Here are the day’s top coronavirus stories from the team at Bloomberg Law:
- WORKING MOMS: Many working mothers—now balancing home school, snack breaks, and play time—carry a heavier child care burden than fathers during the pandemic, leaving them increasingly vulnerable to layoffs and terminations that would be difficult to challenge in court.
- BANKRUPTCY PRACTICES: Large U.S. law firms are scrambling to address a ballooning need for bankruptcy and corporate restructuring expertise. The pandemic has unleashed an unprecedented severity and speed of corporate distress, as Chapter 11 filings pile up and fire-sale assets garner interest. Law firms are scouring the field to hire experienced restructuring attorneys, counter to what has otherwise been a declining attorney job market.
- UNEMPLOYMENT DELUGE: The surge in unemployment claims brought on by the pandemic produced a welcome side effect for some major accounting firms—big paydays for their tech consulting and government service businesses. State unemployment agencies in California, New York, and elsewhere spent millions this year hiring contractors to help upgrade or expand their claims-processing systems, staff-up call centers, and assist with fraud prevention and investigation.
Editor’s Top Picks
Covid Means Easier Ballot Access for New Hampshire Libertarians
The Libertarian Party of New Hampshire has convinced a federal judge to reduce by 35% the number of nomination papers its candidates must submit in order for their names to appear on the state’s general election ballot this November.
CUNY Fights Union Lawsuit Over Layoffs Brought on by Pandemic
The City University of New York shouldn’t be forced to rehire thousands of adjunct faculty and staff laid off due to the pandemic, despite the fact that the school received about $251 million in federal relief money under the CARES Act, the state attorney general’s office argued to a federal court.
One Borrower, Two Loans: Firms Cite Errors in U.S. Bailout Data
Federal coronavirus-relief data show that dozens of small-business borrowers were approved for multiple loans from a program that was supposed to limit them to one apiece.
Covid-Induced Bankruptcies Risk Hurting U.K.’s Finance Industry
The U.K.’s financial industry faces significant risks from the wave of bankruptcies that could occur as a result of the Covid crisis, a Bank of England economist warned.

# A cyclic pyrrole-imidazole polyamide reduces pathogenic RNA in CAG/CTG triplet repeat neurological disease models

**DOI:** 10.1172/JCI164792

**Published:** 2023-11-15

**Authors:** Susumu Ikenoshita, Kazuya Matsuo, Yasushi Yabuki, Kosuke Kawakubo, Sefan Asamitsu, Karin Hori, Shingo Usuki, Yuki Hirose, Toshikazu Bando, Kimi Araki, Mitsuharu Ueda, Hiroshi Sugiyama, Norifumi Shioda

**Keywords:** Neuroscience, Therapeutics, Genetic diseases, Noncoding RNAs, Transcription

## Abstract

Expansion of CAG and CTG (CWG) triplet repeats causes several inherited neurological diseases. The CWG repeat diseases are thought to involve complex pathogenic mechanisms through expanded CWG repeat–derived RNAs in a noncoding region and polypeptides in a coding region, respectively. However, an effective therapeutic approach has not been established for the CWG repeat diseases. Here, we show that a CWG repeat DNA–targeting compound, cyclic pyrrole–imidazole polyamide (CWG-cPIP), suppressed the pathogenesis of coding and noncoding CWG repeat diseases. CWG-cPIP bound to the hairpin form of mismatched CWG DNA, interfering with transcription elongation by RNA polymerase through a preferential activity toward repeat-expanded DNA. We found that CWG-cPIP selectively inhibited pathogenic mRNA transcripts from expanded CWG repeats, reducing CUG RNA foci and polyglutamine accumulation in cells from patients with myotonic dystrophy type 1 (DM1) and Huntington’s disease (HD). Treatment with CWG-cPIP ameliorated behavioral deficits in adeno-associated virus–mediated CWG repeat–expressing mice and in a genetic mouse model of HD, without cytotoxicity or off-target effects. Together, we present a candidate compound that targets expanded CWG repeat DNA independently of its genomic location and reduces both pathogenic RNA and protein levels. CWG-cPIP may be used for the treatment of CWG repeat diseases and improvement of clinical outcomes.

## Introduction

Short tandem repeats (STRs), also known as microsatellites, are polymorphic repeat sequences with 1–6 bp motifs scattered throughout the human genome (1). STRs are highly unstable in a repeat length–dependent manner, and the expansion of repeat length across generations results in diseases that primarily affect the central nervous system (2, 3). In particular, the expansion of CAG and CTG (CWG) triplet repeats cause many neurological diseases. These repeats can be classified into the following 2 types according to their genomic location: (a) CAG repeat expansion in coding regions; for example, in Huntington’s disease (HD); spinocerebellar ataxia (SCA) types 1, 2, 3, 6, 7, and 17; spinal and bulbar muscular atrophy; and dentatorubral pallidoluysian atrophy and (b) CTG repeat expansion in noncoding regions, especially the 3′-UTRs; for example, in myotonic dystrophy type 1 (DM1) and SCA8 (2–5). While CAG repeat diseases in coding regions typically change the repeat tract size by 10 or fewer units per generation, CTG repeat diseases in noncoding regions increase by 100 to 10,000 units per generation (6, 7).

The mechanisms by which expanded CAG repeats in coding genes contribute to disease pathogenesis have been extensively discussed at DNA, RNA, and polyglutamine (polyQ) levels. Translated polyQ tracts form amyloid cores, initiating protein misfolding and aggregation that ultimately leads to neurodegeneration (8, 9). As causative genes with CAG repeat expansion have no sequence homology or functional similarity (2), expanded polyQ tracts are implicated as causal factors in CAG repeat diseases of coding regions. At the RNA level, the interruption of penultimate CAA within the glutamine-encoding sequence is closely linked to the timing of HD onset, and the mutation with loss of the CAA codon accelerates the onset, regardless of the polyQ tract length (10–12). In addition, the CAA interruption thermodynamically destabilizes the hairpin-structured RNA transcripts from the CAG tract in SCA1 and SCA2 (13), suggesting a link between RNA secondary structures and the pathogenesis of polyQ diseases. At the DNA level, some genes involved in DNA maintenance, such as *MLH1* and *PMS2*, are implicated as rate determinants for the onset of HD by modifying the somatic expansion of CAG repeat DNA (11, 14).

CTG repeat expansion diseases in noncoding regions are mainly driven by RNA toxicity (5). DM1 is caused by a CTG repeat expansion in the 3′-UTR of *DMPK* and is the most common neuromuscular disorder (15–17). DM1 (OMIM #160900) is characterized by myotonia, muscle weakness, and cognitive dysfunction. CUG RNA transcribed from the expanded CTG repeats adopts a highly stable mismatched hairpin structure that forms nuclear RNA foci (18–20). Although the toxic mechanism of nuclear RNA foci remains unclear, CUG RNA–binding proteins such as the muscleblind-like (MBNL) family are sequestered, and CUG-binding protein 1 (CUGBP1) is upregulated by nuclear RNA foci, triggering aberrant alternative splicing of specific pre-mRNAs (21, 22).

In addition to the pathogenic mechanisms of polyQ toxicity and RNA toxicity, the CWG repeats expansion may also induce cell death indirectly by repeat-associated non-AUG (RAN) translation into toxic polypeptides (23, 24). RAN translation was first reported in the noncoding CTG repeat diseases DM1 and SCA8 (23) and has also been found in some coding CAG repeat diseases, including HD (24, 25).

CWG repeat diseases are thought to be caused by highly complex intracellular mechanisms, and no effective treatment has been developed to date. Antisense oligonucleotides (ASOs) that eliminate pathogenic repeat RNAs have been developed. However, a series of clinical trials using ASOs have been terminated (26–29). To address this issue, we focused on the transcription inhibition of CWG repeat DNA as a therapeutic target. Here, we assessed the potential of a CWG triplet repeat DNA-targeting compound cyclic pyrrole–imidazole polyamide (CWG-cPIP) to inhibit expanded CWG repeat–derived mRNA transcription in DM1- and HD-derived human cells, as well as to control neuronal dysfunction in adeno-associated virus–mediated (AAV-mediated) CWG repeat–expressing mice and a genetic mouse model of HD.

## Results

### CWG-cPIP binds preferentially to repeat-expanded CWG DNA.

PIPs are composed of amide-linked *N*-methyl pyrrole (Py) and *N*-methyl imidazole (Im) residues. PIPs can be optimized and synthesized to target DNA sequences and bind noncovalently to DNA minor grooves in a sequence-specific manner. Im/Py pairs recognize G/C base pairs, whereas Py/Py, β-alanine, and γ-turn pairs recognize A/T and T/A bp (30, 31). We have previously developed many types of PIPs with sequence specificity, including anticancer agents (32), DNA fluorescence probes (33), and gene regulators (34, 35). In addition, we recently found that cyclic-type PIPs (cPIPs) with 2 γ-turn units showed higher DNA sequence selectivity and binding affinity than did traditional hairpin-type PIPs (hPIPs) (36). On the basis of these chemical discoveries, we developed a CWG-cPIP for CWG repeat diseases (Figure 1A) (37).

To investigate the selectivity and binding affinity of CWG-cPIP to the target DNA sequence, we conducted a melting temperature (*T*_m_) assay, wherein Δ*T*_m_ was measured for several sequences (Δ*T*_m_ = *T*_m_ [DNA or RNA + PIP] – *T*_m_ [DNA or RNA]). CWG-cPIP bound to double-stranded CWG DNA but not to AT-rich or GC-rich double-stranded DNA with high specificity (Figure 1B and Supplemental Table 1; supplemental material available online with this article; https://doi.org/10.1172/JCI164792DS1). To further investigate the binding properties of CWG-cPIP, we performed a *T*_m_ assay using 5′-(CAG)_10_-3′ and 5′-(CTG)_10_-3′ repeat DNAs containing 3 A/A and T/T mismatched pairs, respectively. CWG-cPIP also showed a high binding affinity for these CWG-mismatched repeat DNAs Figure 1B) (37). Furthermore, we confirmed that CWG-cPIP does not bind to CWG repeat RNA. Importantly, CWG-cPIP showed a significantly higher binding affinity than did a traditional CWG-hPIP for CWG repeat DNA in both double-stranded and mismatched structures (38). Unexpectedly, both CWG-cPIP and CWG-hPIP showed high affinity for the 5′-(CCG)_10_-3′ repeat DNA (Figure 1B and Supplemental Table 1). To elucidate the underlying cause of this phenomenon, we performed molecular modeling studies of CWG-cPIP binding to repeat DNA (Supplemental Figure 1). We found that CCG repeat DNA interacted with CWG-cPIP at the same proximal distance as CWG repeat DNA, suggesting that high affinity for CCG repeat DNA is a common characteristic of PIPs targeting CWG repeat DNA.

New York Evictions Pause Nears End With Congress Divided on Aid
New York’s expiring moratorium on evictions is fueling concerns that the state’s efforts to help struggling renters could fall short without more federal government help. Lawmakers in New York want to lengthen an eviction freeze set to expire Aug. 20 by as much as year. But the program has been limited, providing only $100 million statewide paid directly to landlords.
Obamacare Surge During Crisis Will Boost State Health Exchanges
Obamacare sign-ups spiked after millions of people lost their jobs and work-related coverage due to Covid-19. An increase in enrollees will likely reduce per-person costs for insurers, particularly as more healthy people look to get covered. That in turn could draw more insurers to the exchanges, leading to increased competition and reduced premiums, state health officials and analysts said.
Democratic Senators Urge Pandemic Crackdown on Noncompete Pacts
Two Democratic senators want the Federal Trade Commission to take emergency action to limit employers’ enforcement of noncompete agreements during and after the pandemic, saying the public health emergency has “exacerbated” problems with such arrangements.
California to Track Covid-19 Data Based on Sexual Orientation
California health-care providers will have to record the sexual orientation and gender identity of Covid-19 patients under regulations announced Tuesday. The regulations are part of the state’s effort to study the infection rate of communicable diseases in LGBTQ communities, which will allow it to identify and address disparities through public health programs.
INSIGHT: Assessing the True Value of the Evolving Remote Lawyer
Law firm work-at-home flexibilities have shown that we don’t need to chain lawyers to their desks and make them sweat under soul-draining fluorescent office lights to gain value. Olga V. Mack, CEO of Parley Pro, says law firms should continue to give attorneys upgraded technology to reduce time spent on droll, time-consuming tasks like document review and contract management activities that burn through hours without delivering much value.